Does New York's Most Expensive Neighbourhood Hudson Yards Live Up To The Hype?
Sprouting up on the far west side of Manhattan, the newly-opened Hudson Yards is the largest and most expensive private estate venture in America’s history, USD$25 billion to be exact.
With the exception of non-profit cultural institution The Shed (more of it below), Hudson Yards is privately owned by Related Companies, led by 78-year-old real estate titan Stephen Ross. The city was highly involved in this development too, who extended the No. 7 subway line to connect this new neighbourhood to most of the rest of the city’s lines, and provided tax incentives as it promises to increase job opportunities significantly, as well as tax revenues.
It’s an engineering feat that sits above the West Side’s 30-track railyard, which remained active throughout. Phase One (named Eastern Yards) opened this Spring, with skyscrapers of office and residential space and Singapore Tatler was there in New York to explore it. There is also a first-of-its-kind Equinox Hotel, opening soon.
The final phase named Western Yards, set to be finished by 2024, will also feature a public school.
Here's the Singapore Tatler guide to Hudson Yards:
1/5 The Edge
Opening soon, this triangular observation deck juts out from the 100th floor of the tallest building 30 Hudson Yards, affording panoramic views of the city’s skyline and sunsets. The 7,500-square-foot viewing area will have a see-through floor that is made up of 15 sections of steel and glass, bolted together like a jigsaw puzzle that hangs off the east and south sides of the skyscraper. There will also be a 10,000 square feet bar and restaurant by British group Rhubarb housed on the 101st floor, whose name has not been announced.
Not surprising, New Yorkers have mixed feelings about this climbable artwork (temporarily named The Vessel), calling it the staircase to nowhere. But it’s hard to take your eyes off the over USD$150 million made-for-Instagram landmarks, created by acclaimed designer Thomas Heatherwick, who was inspired by ancient Indian stepwells. The gleaming latticed structure stands unapologetically in middle of Hudson Yards, 15-stories high with 154 interconnecting flights of stairs and 80 landings, calling out to the public to explore it. Entries are timed, through tickets and there is an elevator available for the physically challenged.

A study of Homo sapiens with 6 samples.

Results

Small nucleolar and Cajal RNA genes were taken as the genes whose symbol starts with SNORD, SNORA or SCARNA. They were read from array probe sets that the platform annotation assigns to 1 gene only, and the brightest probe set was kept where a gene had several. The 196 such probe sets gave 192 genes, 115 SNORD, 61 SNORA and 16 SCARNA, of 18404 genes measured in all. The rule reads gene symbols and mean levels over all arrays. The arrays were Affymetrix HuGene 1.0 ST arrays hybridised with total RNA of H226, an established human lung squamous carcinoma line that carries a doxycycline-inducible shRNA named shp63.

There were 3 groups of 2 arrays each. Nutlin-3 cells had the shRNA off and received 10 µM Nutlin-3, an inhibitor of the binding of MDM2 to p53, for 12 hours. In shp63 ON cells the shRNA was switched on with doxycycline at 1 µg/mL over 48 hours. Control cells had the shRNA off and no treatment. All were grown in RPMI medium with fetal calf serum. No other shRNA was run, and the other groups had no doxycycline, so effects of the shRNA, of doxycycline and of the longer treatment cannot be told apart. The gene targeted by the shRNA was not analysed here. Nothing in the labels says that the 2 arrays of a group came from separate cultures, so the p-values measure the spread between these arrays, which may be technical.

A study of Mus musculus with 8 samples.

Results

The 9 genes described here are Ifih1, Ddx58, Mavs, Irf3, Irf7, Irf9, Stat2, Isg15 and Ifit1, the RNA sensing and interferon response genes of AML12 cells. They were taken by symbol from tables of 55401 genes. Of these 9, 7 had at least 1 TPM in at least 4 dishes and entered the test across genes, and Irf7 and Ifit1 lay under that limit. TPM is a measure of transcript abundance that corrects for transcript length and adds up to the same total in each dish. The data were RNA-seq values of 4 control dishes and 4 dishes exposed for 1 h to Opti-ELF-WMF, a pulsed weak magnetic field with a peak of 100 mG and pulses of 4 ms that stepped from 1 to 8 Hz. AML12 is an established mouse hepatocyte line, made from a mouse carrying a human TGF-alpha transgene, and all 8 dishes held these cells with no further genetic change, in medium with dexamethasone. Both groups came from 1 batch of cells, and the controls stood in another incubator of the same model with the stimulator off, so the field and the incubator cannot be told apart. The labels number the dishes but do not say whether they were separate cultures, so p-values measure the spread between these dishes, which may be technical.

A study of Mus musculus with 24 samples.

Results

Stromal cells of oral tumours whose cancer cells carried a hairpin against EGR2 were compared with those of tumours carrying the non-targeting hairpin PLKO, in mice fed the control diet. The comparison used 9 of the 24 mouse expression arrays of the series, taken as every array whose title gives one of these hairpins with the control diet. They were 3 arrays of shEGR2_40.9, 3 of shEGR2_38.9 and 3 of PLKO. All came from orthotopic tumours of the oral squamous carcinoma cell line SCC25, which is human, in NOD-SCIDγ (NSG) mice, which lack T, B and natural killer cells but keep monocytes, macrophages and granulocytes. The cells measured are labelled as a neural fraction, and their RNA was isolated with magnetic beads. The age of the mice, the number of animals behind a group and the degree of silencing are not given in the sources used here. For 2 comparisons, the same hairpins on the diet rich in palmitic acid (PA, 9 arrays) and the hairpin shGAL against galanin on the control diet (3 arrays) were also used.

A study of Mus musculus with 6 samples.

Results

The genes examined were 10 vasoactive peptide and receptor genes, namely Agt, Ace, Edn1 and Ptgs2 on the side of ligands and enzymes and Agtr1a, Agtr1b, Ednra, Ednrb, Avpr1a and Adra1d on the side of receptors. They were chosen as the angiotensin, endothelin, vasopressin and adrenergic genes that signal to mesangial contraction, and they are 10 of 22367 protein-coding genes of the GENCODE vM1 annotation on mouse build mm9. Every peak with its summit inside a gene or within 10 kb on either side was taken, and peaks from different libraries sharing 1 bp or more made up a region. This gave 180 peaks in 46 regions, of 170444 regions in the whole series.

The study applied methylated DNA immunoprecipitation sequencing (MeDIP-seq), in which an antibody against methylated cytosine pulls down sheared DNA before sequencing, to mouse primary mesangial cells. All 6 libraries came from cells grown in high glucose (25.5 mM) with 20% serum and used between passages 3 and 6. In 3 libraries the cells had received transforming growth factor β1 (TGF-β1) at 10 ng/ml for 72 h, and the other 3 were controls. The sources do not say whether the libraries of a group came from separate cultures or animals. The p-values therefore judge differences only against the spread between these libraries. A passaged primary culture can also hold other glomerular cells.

3/5 The Shed
The eight-storey non-profit arts centre designed by Diller Scofidio + Renfro and Rockwell Group houses two galleries, an intimate Griffin Theater and a skylit event space in The Tisch Skylights.
The most inventive space here is McCourt which can morph according to artist’s needs, by deploying a movable outer shell with giant wheels. It opened in May (when Singapore Tatler visited) with lineup that has impressed art critics: concerts by Björk and bold, genre-blurring performances: “Reich Richter Pärt” is a collaboration between visual artist Gerhard Richter with live musical performances by Steve Reich and Arvo Pärt and “Norma Jean Baker of Trioy” features poet Anne Carson, actor Ben Whishaw and soprano Renée Fleming.
It’s been a decade since the popular High Line opened, a 2.33 km winding elevated park built atop the disused New York Central Railroad tracks, designed in part by Elizabeth Diller, the same architect behind The Shed.
High Line’s final section surrounds Hudson Yards, christened The Spur, is completed and has announced the launch of The Plinth, an exhibition space featuring rotating public art commissions, the first being “Brick House” a bronze sculpture by Simone Leigh, and will be on display until September 2020.
5/5 The Shops and Restaurants at Hudson Yards
Flanked by skyscrapers, the seven-story mall features a James Carpenter-designed glass wall above its main entrance which allows stunning views of the Vessel, public square and gardens. The interiors are by Elkus Manfredi and home to over 100 stores and restaurants. Highlights include New York City’s first Neiman Marcus department store and highly lauded Thomas Keller’s Tak Room and David Chang’s Kāwi. We particularly enjoyed these sharply-curated multi-label shops: The Conservatory, Forty Five Ten and B8ta (which feels like Kickstarter site come to life).